JOY JOY NAILS, by writer and director Joey Ally, was a stand out at last year’s Tribeca Film Festival for its stylish delivery of a perspective which in large part goes unnoticed by the American population. Disguised in the classic framework of popular girl versus unpopular girl, Ally’s intimate exploration of powerless undocumented workers, racial caste systems, and unjustly compromised female experiences unfold behind the facade of one suburb’s most trendy salon. When Korean manager Sarah suspects Chinese new-hire Mia of being after the boss’ son’s affections, her inner mean girl comes out, only to discover that everyone’s a victim at JOY JOY NAILS.
Beyond its lush neon pink styling, pop music, and pretty smiles, you’ll experience the same mirage as the film’s protagonist as the salon’s carefully crafted illusion falls away to reveal something much more sinister under the varnish. The way in which Ally portrays girl culture and the camaraderie and hierarchy between females, makes her story universally relatable to the point that you forget the character’s experiences are anything but.
The film itself is utter eye candy in its duplicity and it’s remarkable how Ally so subtly lays hints throughout the film to suggest the problematic social and cultural injustices. Not only do we witness the Korean girls ostracizing the Chinese trainee, Ally forces her audience to participate by including Korean subtitles and excluding her Chinese character’s language with a simple “Mandarin” in parenthesis. While brilliantly crafted, it certainly leaves a sour taste in your mouth and a lump in your stomach the more the film carries on.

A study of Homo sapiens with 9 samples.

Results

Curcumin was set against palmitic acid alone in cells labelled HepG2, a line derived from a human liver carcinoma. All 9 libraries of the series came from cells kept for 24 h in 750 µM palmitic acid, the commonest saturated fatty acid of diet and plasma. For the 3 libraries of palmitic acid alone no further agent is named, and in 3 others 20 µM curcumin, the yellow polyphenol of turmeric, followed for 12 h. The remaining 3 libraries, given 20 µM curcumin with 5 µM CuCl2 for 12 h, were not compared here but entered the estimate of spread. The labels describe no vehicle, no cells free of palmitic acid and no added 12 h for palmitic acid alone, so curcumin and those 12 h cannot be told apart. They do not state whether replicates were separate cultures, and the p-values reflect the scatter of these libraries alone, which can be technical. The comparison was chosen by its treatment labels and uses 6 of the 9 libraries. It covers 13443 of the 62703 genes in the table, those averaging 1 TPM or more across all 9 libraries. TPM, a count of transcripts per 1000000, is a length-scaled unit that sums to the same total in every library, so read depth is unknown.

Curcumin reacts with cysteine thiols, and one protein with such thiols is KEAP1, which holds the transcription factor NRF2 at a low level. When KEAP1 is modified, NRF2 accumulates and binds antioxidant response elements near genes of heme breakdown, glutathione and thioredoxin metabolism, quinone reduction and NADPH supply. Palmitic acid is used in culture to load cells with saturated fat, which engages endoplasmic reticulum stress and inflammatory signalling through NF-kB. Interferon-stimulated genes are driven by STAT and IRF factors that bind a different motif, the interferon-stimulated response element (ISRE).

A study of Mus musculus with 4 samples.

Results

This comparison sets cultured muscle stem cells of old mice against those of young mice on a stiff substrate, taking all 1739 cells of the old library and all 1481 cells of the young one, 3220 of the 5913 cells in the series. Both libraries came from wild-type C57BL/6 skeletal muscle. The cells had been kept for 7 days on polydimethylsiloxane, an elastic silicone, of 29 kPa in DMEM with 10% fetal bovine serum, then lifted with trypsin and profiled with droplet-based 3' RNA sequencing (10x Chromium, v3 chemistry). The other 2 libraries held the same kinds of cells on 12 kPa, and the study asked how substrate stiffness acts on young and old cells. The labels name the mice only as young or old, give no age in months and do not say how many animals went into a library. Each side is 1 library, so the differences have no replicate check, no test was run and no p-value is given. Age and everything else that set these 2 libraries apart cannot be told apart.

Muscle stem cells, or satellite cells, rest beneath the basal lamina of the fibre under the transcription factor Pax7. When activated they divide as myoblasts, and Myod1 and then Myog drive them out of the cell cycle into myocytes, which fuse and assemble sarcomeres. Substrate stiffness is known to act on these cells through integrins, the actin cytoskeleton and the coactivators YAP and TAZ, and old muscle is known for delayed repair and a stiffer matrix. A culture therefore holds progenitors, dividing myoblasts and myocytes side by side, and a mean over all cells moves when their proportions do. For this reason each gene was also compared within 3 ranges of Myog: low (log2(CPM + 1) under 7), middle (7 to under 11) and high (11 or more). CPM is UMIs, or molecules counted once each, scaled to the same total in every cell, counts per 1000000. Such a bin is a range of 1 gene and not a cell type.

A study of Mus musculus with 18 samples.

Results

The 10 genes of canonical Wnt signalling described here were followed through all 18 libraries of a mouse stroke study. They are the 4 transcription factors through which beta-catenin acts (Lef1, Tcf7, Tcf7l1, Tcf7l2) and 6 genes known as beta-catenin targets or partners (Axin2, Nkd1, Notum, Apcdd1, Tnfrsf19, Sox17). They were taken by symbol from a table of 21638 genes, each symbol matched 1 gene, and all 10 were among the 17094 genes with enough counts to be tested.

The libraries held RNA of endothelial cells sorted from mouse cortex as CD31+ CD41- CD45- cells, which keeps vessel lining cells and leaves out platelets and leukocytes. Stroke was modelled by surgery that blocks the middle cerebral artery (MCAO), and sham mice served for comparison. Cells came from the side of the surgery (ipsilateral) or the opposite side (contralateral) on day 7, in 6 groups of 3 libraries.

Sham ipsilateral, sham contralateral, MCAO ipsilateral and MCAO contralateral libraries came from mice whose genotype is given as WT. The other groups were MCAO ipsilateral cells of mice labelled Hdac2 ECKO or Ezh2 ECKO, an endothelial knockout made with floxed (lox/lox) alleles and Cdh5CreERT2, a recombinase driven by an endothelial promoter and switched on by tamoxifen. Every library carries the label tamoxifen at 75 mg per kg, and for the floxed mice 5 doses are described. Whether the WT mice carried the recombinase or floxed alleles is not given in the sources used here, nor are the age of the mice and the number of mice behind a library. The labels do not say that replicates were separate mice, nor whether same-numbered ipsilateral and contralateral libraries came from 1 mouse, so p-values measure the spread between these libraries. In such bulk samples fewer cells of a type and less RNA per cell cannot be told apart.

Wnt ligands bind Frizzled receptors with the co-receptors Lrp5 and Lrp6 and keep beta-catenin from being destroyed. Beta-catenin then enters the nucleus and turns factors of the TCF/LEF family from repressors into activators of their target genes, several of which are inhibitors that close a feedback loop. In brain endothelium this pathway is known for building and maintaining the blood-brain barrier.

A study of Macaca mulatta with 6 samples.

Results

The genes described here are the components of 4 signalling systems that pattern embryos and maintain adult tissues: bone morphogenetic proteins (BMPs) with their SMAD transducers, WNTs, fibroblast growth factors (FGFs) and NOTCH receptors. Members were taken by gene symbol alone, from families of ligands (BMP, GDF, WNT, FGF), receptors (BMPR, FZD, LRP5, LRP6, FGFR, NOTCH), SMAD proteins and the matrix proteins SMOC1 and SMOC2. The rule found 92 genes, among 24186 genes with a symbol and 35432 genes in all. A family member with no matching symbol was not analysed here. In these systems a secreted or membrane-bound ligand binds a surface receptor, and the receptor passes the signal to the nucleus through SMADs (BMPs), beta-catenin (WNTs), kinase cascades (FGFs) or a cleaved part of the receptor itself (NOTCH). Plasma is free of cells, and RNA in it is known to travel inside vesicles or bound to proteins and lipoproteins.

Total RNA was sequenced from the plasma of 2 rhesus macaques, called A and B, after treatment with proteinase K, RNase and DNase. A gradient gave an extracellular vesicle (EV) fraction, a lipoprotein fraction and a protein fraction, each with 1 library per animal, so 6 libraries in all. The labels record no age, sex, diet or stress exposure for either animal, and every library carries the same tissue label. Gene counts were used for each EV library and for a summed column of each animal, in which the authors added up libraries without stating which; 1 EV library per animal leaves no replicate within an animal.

Ally’s inspiration for JOY JOY NAILS came after reading a series of articles about the nail salon industry, including the Pulitzer Prize nominated New York Times expose’ Unvarnished. What she discovered thereafter was indentured labor in salons just like the ones she frequented when growing up in Connecticut, and living in Manhattan as an adult. Her mission to help people connect more and see themselves in each other absolutely shined in how she lets her audience spend time with the characters. As we witness the salon workers interact, eat, sleep, laugh and worry, we can’t help but grow a deep intimacy for them. JOY JOY NAILS will move you and unsurprisingly open your eyes that much wider.
JOY JOY NAILS was made as part of the AFI Directing Workshop for Women and screened at the Tribeca Film Festival, AFI Fest, Seattle International Film Festival, Palm Springs International Short Fest, and Lunafest. Ally is currently writing a feature film with her sister Catie called Let’s Not Get Crazy which she did as part of the Sundance Screenwriters Lab.